Breast cancer is the leading cause of cancer deaths among Latinas, yet women of Latin American descent are still less likely to get regular mammograms. 


Doctors worry that access to healthcare and education accounts for this discrepancy, which impacts residents of low-income neighborhoods more than their wealthier neighbors. Hispanic women continue to be less likely to receive appropriate and timely breast cancer treatment in comparison to non-Hispanic whites, according to Cancer.org. This means Latinas are frequently diagnosed with more advanced breast cancers than white women due to lower mammography rates and more delays in treatment after an abnormal mammogram.

Although lack of health insurance is a main reason for breast cancer screening disparities in the U.S., other factors play a role. Even among women with insurance, only 70 percent had a recent mammogram, according to the Susan G. Komen organization. 

Intervention programs that follow patients throughout treatment have been shown to reduce these disparities by more than half. But getting women into screening remains an issue of access and willingness. 

Dr. Angela R. Bradbury at the University of Pennsylvania’s Abramson Cancer Center says one way to ease discomfort around the subject is to talk to young women about breast cancer at an early age. Through a recent study sponsored by the university, Bradbury found that teenage girls with a family history of breast cancer do not experience increased anxiety or depression. This should alleviate concerns parents might have about discussing their own diagnosis with their children.

“Overall, girls in families with a history of breast cancer seem to cope pretty well over time,” she says. “They do worry more about breast cancer than their peers do, particularly as they get older, but that doesn’t seem to impact them in terms of depression, anxiety, and general psychosocial adjustment.”

The new research followed 320 girls between the ages of 11 and 19 years old. More than 200 of them are from families with a history of breast cancer. The researchers interviewed the girls and their birth mothers, and routinely administered tests to assess their psychosocial adjustment, perception of breast cancer risk and breast cancer-specific distress.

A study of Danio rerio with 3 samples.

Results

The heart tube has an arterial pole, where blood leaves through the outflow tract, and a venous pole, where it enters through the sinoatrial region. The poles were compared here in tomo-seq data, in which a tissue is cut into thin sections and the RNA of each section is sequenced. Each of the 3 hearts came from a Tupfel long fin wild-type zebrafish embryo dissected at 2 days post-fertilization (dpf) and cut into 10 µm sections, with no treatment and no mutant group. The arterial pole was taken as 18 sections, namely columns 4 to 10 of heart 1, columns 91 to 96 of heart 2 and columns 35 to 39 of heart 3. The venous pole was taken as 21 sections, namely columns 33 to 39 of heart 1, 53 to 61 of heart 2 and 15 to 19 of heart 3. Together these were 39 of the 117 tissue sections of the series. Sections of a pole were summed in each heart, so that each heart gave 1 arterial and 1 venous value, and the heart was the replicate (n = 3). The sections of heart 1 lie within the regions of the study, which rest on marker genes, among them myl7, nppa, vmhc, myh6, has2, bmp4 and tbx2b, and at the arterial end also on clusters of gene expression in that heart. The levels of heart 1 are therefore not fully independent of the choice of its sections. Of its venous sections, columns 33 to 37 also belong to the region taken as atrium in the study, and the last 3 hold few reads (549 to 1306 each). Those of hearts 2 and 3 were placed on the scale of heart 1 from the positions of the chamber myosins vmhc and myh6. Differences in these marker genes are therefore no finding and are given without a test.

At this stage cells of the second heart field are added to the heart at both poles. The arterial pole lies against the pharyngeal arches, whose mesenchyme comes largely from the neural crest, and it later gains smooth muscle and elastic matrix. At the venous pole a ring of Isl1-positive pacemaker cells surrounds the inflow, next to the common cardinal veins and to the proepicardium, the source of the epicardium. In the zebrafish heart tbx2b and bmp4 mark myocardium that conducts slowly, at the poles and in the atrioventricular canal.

Bradbury, the study’s lead author, was especially concerned with the idea of screening girls at a younger age. There is some debate in the medical community over when women should start actively screening for breast cancer. The U.S. Preventive Services Task Force recommends biennial mammograms for women aged 50 or older. These guidelines stirred controversy when they first emerged several years ago among doctors who say waiting until middle age puts too many women at risk. The American Cancer Society offers a different set of guideline – they recommend women start considering annual mammograms when they turn 40 years old. By the age of 45, women should be screened yearly and twice yearly by the age of 55. 

But Bradbury’s team remains interested in whether screening younger women could save lives in the long run. She says these recent tests that analyze the emotional burden of talking about breast cancer to teenagers is a first step in examining when women should begin their personal journey. 

“A lot of the concerns going into this study … is that girls [with a family history of breast cancer] would be struggling emotionally,” she says. “But it is possible that girls with cancer in the family may have to develop life skills and coping strategies and may higher self-esteem than their peers.”

For all the girls in the study, perceptions of breast cancer risk rose as they grew older and matured mentally, and in terms of breast development. But the perceived risk was always higher among the girls with a breast cancer family history.

“Girls from breast cancer families do worry more about breast cancer than their peers do, and that’s not really surprising,” Bradbury said. “We don’t have evidence yet that that worry is a harmful thing; it may even be a motivating factor to adopt a healthier diet or to exercise more.”

Bradbury’s study is the first of its kind, however she admits to certain limitations. The group was largely drawn from current patients or people in the university’s immediate neighborhood, resulting in a homogenous cohort when you account for race, income and education. Anglo women and those with higher incomes are already shown to be more inclined to seek medical help with they need it and screen for cancer more regularly. 

 “We would really like to see a more diverse population,” she says.  “There are a lot of populations that never have access to genetic testing whether it’s because it’s mostly done at university centers or there aren’t many doctors who provide the service.”

Until medical programs expand their reach, many of these services remain highly elusive to residents outside of research corridors.